Catch A Wave
Though not quite on top of the world, supermarket seafood departments are picking up good vibrations from positive consumption trends and quality-minded consumers.
Research by Debra Chanil Analysis by Meg Major
Indeed, while retail seafood teams are immersed in various campaigns to elevate interest and capture strong, steady sales of their departments' fresh and flash-frozen stock on a more routine basis – on par with winter holidays, Lent and peak summer-seafood occasions – the inherent setbacks of shrink, pricing, labor, environmental issues and sourcing require a delicate balancing act to keep the profit ship afloat.
However, despite the intrinsically choppy waters that are part and parcel of the larger seafood ecosystem, investments in training, equipment, and third-party sourcing and safety audits by many grocers – from single-store operations to regional grocers and even national chains – have enabled their stores to become go-to sources for high-quality catches and value-added options for convenience-seeking shoppers.
Insights revealed in PG's annual seafood department survey were compiled from the collective input of a diverse range of retail seafood directors from around the country, who responded to a survey fielded in late 2012.
In a closer look at key findings of the latest national supermarket seafood survey, 30.4 percent of survey panelists posted sales increases during 2012, while 26.1 percent reported decreases, rounded out by 43.5 percent claiming no noticeable changes in either direction. All told, this year's seafood survey results depict a net 2.4 percent growth rate in overall department sales.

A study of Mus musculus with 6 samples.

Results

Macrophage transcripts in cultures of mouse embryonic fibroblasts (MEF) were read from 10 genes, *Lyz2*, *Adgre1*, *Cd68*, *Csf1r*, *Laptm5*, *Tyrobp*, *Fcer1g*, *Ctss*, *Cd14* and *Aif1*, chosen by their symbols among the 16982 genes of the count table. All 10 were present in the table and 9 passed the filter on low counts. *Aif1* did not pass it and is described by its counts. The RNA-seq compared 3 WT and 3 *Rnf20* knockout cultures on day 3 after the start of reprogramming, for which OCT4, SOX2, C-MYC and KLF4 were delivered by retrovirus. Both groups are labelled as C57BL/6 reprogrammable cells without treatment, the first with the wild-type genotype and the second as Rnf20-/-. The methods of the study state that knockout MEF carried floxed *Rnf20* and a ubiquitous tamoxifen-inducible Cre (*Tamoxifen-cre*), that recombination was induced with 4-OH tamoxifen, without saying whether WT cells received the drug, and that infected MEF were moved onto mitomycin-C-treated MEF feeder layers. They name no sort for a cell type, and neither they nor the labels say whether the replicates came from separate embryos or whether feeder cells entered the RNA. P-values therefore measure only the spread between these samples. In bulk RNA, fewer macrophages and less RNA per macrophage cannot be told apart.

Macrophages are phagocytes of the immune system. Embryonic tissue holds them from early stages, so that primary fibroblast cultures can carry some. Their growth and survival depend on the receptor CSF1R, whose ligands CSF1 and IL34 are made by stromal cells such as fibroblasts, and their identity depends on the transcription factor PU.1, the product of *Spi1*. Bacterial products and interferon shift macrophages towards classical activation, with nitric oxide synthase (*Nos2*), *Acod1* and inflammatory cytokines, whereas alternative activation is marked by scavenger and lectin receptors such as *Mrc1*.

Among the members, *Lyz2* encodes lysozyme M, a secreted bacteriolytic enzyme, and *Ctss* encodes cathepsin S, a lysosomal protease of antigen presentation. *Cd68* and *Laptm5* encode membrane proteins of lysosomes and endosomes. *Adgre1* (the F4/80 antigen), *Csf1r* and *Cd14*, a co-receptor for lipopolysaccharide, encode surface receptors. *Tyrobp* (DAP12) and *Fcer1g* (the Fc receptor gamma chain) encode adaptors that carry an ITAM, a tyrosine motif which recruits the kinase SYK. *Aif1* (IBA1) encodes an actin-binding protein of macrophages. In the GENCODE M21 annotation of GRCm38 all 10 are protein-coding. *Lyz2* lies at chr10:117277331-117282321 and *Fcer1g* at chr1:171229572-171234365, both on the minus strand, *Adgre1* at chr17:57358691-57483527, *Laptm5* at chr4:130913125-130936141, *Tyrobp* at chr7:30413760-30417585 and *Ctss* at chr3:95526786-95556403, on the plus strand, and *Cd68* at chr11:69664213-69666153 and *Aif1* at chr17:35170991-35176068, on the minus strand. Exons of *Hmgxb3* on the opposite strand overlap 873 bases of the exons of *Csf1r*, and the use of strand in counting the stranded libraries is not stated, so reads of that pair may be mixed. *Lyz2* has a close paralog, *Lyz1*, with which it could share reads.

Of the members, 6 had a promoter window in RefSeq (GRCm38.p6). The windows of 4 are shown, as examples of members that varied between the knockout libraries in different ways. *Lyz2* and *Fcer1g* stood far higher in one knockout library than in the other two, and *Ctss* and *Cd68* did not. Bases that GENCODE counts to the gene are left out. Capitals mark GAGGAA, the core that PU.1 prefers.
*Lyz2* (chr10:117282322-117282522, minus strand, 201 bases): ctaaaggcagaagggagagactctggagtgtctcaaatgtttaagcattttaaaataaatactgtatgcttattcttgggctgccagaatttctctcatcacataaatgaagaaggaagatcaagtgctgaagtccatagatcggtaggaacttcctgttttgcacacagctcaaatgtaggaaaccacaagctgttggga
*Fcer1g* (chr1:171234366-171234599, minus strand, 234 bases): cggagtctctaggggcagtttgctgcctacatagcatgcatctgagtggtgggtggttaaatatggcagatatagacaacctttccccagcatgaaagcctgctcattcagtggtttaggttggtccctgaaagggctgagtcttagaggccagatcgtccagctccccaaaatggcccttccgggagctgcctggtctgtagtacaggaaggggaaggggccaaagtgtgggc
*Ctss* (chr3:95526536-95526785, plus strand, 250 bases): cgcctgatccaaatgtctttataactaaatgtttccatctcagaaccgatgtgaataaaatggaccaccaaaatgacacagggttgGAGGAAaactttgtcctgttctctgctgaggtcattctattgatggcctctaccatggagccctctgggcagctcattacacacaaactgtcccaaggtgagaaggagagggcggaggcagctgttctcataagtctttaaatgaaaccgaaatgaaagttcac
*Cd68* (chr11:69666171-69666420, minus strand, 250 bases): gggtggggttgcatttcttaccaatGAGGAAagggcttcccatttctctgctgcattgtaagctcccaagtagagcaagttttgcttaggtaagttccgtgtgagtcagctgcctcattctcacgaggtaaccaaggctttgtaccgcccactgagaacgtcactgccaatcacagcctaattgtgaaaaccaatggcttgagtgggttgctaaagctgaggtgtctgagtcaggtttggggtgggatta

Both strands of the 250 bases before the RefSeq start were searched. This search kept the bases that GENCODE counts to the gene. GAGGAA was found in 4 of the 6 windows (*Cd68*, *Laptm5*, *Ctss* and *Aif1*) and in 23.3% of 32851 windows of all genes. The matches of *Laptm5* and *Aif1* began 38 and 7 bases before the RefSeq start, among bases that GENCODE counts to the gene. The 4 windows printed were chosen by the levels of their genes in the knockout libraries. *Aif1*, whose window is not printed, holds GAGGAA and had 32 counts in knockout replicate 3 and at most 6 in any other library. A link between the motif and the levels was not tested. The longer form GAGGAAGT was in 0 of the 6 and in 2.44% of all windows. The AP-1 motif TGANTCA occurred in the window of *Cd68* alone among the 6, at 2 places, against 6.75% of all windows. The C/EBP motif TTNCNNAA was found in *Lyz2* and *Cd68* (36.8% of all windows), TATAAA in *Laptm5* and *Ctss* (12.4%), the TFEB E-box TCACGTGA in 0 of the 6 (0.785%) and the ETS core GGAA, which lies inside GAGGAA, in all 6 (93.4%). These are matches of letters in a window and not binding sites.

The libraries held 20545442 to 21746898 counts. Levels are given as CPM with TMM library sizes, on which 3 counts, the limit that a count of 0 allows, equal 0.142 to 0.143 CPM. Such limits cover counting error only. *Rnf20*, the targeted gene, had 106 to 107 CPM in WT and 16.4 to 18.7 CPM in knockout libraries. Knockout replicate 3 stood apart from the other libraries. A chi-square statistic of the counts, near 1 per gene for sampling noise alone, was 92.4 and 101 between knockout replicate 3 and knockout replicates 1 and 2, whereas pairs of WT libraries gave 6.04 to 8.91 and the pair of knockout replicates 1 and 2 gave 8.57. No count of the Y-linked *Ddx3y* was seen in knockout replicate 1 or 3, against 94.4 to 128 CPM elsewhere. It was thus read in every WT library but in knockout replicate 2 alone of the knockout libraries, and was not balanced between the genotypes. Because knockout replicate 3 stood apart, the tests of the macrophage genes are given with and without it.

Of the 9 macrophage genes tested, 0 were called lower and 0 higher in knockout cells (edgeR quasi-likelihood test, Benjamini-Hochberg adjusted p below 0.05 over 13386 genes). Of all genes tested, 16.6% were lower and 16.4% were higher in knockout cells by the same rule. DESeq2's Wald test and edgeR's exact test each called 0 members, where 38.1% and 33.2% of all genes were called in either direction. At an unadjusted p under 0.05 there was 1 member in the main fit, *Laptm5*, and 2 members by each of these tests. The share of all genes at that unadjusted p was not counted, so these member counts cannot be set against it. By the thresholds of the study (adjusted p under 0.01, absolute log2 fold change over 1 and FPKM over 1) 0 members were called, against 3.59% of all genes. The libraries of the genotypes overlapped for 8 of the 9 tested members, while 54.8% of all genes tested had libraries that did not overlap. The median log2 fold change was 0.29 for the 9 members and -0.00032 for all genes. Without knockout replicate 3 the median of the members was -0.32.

Bucking recent years' profit performance trends, 40.8 percent of survey respondents to this year's seafood study reported an increase, while a comparatively smaller percentage (22.2) of respondents cited lower profit trends during the past year, along with 37 percent who reported unchanged profits.
In assessing the key challenges facing retail seafood executives – who were again asked to rank the seriousness of various issues on a scale of one to six – shrink ranked as the top concern, paced next by pricing. Profits dropped back two rungs to the third most vexing issue, followed next by environmental/social issues and sourcing considerations.